Monday Jul 12, 2021
KARACHI: The Pakistan Cricket Board's wrong policies for the last three years are to blame for the failure of Pakistan in England in the first two ODIs, says former Pakistan Test fast bowler Abdul Rauf.
Rauf said PCB had been talking about strengthening the cricket system in the country since its current management took charge. “But what have they done to our cricket? This team that failed against an English team that had so many debutants?” he asked. “This is the result of PCB’s policies and planning," he told The News.
Rauf said that when Covid-19 positive cases were identified in English team players and team officials, they changed the players and team officials in a few hours and appointed a new captain and new team officials and they won.
For him, this is what a strong cricket system is capable of doing.
PCB has not organised a single district or city level cricket tournament in the last two years, he said, adding that the results were already predicted by those who know the game. "They had been pointing out the follies of the Board,” said Rauf.
Rauf believes cricket isn't the same anymore. He said the game's needs and demands have changed and that PCB's top management doesn't understand this.
"They [PCB] are hiding behind big names like Waqar Younis, Misbah-ul-Haq, and Saqlain Mushtaq,” the fast bowler said.
He said that Waqar and Misbah had had multiple roles with the Pakistan team, but they failed to produce good middle order and opening batsmen.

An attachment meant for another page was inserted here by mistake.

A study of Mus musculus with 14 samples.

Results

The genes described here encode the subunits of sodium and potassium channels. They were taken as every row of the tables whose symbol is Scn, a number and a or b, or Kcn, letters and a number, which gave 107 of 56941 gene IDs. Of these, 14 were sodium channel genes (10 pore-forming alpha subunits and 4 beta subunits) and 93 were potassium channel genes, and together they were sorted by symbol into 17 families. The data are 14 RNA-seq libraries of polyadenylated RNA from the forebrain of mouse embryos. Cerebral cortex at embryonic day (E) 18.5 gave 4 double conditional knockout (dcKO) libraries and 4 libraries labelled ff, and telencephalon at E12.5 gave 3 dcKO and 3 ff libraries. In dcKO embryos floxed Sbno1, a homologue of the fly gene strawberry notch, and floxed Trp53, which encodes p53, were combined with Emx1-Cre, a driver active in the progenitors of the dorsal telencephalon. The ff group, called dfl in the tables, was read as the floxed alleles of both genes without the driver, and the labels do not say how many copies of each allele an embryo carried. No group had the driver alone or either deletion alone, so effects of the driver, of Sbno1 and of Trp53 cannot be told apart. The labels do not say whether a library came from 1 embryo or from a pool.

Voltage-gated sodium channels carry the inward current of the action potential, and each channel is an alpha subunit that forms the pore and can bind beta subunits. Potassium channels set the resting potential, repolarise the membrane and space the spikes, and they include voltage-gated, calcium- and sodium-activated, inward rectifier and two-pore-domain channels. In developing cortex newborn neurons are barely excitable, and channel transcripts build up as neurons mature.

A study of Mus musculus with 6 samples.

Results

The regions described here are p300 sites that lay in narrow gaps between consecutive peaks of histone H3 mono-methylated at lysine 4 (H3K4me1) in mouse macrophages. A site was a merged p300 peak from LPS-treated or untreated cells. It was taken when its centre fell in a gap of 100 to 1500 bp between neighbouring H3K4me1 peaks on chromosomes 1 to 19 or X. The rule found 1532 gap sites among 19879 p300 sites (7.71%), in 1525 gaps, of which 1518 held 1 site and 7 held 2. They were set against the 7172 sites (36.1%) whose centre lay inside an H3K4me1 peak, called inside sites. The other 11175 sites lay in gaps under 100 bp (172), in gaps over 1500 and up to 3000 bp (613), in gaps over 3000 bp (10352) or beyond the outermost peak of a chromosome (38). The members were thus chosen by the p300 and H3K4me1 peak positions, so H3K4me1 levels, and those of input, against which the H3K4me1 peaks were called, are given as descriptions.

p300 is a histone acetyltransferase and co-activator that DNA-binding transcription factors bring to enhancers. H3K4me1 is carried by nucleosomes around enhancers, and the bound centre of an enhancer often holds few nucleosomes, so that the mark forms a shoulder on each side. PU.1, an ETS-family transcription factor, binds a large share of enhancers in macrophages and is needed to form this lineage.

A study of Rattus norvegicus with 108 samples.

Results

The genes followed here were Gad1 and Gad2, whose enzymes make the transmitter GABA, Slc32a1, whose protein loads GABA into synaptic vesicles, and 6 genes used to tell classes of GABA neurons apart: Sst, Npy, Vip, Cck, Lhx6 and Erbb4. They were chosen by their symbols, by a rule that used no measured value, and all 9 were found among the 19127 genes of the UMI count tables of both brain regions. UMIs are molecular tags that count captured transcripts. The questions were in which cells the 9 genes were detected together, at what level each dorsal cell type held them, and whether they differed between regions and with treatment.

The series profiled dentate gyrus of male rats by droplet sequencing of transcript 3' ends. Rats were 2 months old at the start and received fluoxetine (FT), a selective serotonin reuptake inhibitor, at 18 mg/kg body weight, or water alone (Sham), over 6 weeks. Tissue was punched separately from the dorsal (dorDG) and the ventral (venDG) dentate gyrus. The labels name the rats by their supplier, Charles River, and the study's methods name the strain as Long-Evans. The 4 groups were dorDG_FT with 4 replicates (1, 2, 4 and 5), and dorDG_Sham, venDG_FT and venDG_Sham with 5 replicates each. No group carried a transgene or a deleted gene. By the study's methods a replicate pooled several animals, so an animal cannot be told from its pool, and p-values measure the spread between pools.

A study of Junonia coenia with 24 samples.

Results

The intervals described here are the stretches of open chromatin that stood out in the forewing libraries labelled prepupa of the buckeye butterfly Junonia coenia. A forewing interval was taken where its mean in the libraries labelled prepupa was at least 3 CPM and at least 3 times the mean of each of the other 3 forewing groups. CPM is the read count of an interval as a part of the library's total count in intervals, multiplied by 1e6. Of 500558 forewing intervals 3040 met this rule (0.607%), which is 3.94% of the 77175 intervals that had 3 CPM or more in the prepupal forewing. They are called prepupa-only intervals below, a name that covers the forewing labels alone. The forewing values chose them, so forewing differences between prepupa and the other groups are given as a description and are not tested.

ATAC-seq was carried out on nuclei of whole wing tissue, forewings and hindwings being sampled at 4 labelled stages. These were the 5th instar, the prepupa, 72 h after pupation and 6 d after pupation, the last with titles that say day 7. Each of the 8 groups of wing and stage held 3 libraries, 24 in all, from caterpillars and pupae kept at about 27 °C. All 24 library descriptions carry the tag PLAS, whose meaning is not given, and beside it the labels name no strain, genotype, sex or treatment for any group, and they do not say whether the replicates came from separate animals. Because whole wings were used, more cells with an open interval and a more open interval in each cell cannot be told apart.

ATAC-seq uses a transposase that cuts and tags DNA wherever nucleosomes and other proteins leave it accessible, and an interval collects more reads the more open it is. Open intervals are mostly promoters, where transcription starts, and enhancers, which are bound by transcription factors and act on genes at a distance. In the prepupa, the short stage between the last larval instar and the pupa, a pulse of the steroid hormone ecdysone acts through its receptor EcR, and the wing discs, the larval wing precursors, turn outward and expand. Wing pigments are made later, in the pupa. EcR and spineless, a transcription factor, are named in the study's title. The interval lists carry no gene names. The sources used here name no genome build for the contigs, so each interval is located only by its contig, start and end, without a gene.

PCB chairperson Ehsan Mani, CEO Wasim Khan, Waqar and Saqlain knew very well what it was like to play in England as they had lived and played in England for years, Rauf said, adding that it is hard to swallow how the Pakistan team is surrendering against a third-tier English team.
Rauf praised Babar Azam and he is a "top-notch batsman", but that he is "not capable of leading".
“He [Babar Azam] cannot read different conditions or produce good results under pressure,” Rauf said.
Rauf said that alarm bells rang when Sri Lanka defeated Pakistan in the ODI series and Zimbabwe also defeated Pakistan at home ground last year.
He said that unless PCB appointed coaches and assistant coaches who were qualified in sports sciences and had done level-3 or level-4 coaching courses, Pakistan would not be able to survive at the international level.
The Pakistan team was mentally shattered in England, he said, adding that their body language showed they lacked a "fighting spirit".
Rauf said, however, said that the same players who played the first two ODIs should play in the third ODI as there was no time for experiments.